Axel Jonsson-Fjallby thinks his hair is too long on the ice. But off the ice, he needs it — for his man bun. (Matt McClain/The Washington Post)

From the bunched-up brigade of bulky red sweaters, Axel Jonsson-Fjallby emerges, as he always does. No matter where he skates on the ice or what he’s doing there, he stands out because his golden mane — think Chris-Hemsworth-as-“Thor” level flow — cascades from the back of his helmet. The Swedish prospect’s problem is that he’s not always a fan of his own iconic mop.

“To be honest, I really don’t like it on the ice,” Jonsson-Fjallby said Tuesday at Kettler Capitals Iceplex. He also grimaces at pictures of the hair flapping out of his helmet. “It’s too long. But off the ice, I want to have a man bun, so …” He trailed off and sighed.

The 20-year-old’s pursuit of the man bun began four years ago, about the same time Tom Brady, Leonardo DiCaprio and Jared Leto started carrying hair ties. Jonsson-Fjallby doesn’t remember who inspired him to adopt the style, but he saw it around, dug the look because he thought it’d make him look older and felt comfortable challenging the boundaries of masculinity.

His hair finally grew long enough to bun just as the craze peaked in November 2015, according to Google Trends. Even though those who made the style famous have long since lopped off their locks, Jonsson-Fjallby has hung on. This year, the forward discovered adjusting to the smaller rinks of the NHL from the Swedish Hockey League — where he tallied 16 points in 42 games last season — might be easier than re-normalizing the man bun, which he fields questions about often.

The interest stems, at least in part, from a hockey culture that encourages, if not demands, players prioritize “the boys” before bone and brain. Though only longtime general manager Lou Lamoriello, now with the New York Islanders, mandates players keep clean-shaven, benches across the league reflect the players’ code: In the playoffs, every player grows the best beard he can. No exceptions.

Against this backdrop, Jonsson-Fjallby’s distinctive hair could be seen as drifting toward the third rail of self-promotion, but he dismisses the idea he’s building a brand, because someone trying to do that would follow a specific hair-care regimen. He uses whatever shampoo is available in the dressing room.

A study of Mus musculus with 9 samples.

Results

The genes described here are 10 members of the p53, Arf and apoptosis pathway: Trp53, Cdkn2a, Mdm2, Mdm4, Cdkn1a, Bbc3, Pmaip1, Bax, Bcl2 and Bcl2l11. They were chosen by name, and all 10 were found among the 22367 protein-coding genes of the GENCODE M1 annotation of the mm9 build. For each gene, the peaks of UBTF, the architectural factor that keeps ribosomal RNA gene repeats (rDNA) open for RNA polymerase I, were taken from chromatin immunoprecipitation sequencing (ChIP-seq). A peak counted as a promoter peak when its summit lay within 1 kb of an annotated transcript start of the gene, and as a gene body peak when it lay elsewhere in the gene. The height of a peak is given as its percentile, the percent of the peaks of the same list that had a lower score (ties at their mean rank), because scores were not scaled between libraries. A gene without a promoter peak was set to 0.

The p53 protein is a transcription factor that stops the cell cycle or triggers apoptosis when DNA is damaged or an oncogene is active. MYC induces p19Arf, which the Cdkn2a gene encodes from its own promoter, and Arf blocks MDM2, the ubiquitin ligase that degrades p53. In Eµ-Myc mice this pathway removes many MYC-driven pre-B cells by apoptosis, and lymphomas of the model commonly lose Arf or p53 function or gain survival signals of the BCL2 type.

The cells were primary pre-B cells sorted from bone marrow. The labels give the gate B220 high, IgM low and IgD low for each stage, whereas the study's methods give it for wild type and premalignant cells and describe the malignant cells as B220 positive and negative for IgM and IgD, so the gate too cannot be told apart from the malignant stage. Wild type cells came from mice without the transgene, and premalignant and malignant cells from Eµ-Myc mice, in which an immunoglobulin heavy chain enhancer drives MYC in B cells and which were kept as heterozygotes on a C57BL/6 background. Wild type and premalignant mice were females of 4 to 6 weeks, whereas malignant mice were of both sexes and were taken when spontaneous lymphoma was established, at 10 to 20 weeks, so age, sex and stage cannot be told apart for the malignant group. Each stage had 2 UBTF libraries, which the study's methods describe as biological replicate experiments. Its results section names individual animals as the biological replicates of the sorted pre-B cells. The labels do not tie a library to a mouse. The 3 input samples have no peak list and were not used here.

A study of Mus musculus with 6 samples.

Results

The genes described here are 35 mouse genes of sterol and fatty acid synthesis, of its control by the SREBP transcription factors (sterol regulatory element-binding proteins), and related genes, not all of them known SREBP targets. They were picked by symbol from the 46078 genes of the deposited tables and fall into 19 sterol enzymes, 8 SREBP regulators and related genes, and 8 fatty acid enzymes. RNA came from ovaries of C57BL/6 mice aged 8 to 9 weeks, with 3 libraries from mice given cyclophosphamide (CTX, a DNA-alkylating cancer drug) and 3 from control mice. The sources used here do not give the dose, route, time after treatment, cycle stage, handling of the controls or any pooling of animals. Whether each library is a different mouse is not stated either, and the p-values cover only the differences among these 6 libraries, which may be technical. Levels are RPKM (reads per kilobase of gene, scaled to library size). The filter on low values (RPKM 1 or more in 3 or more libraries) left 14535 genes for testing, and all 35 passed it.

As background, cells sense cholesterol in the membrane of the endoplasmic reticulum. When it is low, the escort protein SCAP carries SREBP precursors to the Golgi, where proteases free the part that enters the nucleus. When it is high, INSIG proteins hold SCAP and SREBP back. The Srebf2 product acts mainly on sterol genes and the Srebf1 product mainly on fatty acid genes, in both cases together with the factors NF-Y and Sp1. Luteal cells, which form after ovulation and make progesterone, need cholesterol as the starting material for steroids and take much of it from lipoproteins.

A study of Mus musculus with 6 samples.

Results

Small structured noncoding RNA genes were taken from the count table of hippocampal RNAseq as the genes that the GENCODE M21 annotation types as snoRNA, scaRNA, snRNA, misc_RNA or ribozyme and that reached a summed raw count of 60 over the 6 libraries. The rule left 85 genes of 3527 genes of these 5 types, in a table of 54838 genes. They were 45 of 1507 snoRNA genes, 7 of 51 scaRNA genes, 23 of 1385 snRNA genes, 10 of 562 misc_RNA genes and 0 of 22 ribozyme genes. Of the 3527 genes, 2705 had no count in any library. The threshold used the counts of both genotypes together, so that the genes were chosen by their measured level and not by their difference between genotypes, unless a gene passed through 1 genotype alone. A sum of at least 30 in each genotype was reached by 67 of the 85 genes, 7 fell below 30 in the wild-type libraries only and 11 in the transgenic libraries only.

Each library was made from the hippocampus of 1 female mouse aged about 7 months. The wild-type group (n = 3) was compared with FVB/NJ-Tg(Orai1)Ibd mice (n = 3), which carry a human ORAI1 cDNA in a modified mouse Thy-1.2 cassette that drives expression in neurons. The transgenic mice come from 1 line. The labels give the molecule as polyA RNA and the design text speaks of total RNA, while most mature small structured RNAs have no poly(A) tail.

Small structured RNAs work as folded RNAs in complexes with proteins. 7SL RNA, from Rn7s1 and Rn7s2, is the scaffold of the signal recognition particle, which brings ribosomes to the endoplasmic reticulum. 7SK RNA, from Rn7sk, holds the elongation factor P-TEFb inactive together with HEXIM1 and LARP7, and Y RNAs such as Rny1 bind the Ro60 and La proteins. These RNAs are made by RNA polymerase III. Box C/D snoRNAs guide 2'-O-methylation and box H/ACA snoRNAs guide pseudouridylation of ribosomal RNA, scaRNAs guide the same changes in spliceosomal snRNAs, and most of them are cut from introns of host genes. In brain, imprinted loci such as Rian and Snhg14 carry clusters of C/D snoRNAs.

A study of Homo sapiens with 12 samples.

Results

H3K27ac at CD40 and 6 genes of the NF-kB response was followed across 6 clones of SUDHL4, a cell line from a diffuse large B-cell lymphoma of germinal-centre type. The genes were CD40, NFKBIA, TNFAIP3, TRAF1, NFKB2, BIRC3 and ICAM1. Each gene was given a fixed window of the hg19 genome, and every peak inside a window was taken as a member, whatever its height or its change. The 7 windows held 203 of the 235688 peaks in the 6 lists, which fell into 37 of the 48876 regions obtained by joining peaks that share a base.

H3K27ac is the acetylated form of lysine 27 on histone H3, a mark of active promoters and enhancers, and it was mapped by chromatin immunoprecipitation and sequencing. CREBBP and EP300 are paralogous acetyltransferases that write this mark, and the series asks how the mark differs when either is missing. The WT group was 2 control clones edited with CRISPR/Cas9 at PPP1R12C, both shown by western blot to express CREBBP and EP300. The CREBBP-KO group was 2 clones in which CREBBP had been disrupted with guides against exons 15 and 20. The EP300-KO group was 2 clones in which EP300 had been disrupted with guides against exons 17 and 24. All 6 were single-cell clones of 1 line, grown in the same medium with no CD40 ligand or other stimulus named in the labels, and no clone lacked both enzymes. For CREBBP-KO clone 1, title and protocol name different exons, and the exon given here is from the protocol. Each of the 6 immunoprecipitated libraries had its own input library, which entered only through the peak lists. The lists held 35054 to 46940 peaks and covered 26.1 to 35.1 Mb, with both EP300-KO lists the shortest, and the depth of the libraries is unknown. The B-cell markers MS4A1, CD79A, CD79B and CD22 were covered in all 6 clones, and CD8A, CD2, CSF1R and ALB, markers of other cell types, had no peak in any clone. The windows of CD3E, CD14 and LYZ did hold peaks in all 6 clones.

“It makes people recognize me, but that’s not why I have it,” Jonsson-Fjallby said. “I know that it stands out, especially here in North America because there are few people who have long hair, but that’s not something I think about.”

Steve Richmond, the Capitals’ director of player development, dismissed the style — “I don’t comment on hair,” he said — but gushed about the “tremendous” progress Jonsson-Fjallby had made since last season’s development camp. He bulked up from 170 pounds to about 185, and his size became apparent in this year’s world junior championships. In the toughest test for under-20 competition, Jonsson-Fjallby posted four points, including a game-winning goal, as the Swedes surged into the final, where they lost to Canada.

“That was his coming-out party for everybody else,” Richmond said. “All of a sudden he got on a big stage, and now people in the U.S. and Canada are watching him like, ‘Who is this guy?’ … He’s going to come in and open some eyes.”

Internally, Richmond said, Washington projects Jonsson-Fjallby to develop into a “no question” fourth-line penalty-killer who also has enough “sneaky skill” to perhaps propel him onto the third line.

Jonsson-Fjallby wants to find any opening he can because last season he noted the Capitals’ willingness to lean on rookies; the team regularly rotated in five of them. In camp, he’s focused on increasing his strength, maturing with the puck and aligning his game with the smaller rink.

He grinned thinking about another personal goal, getting more physical along the boards, because it’s there that Jonsson-Fjallby receives feedback on his hair from other players. When asked how the peer-reviews usually go, Jonsson-Fjallby cackled and said, “We don’t have to talk about that.”

He’s used to the ribbing. His best friends from back home tell him to cut his hair all the time.

“It doesn’t bother me really,” Jonsson-Fjallby said, sweeping the hair out of his eyes and pulling it back.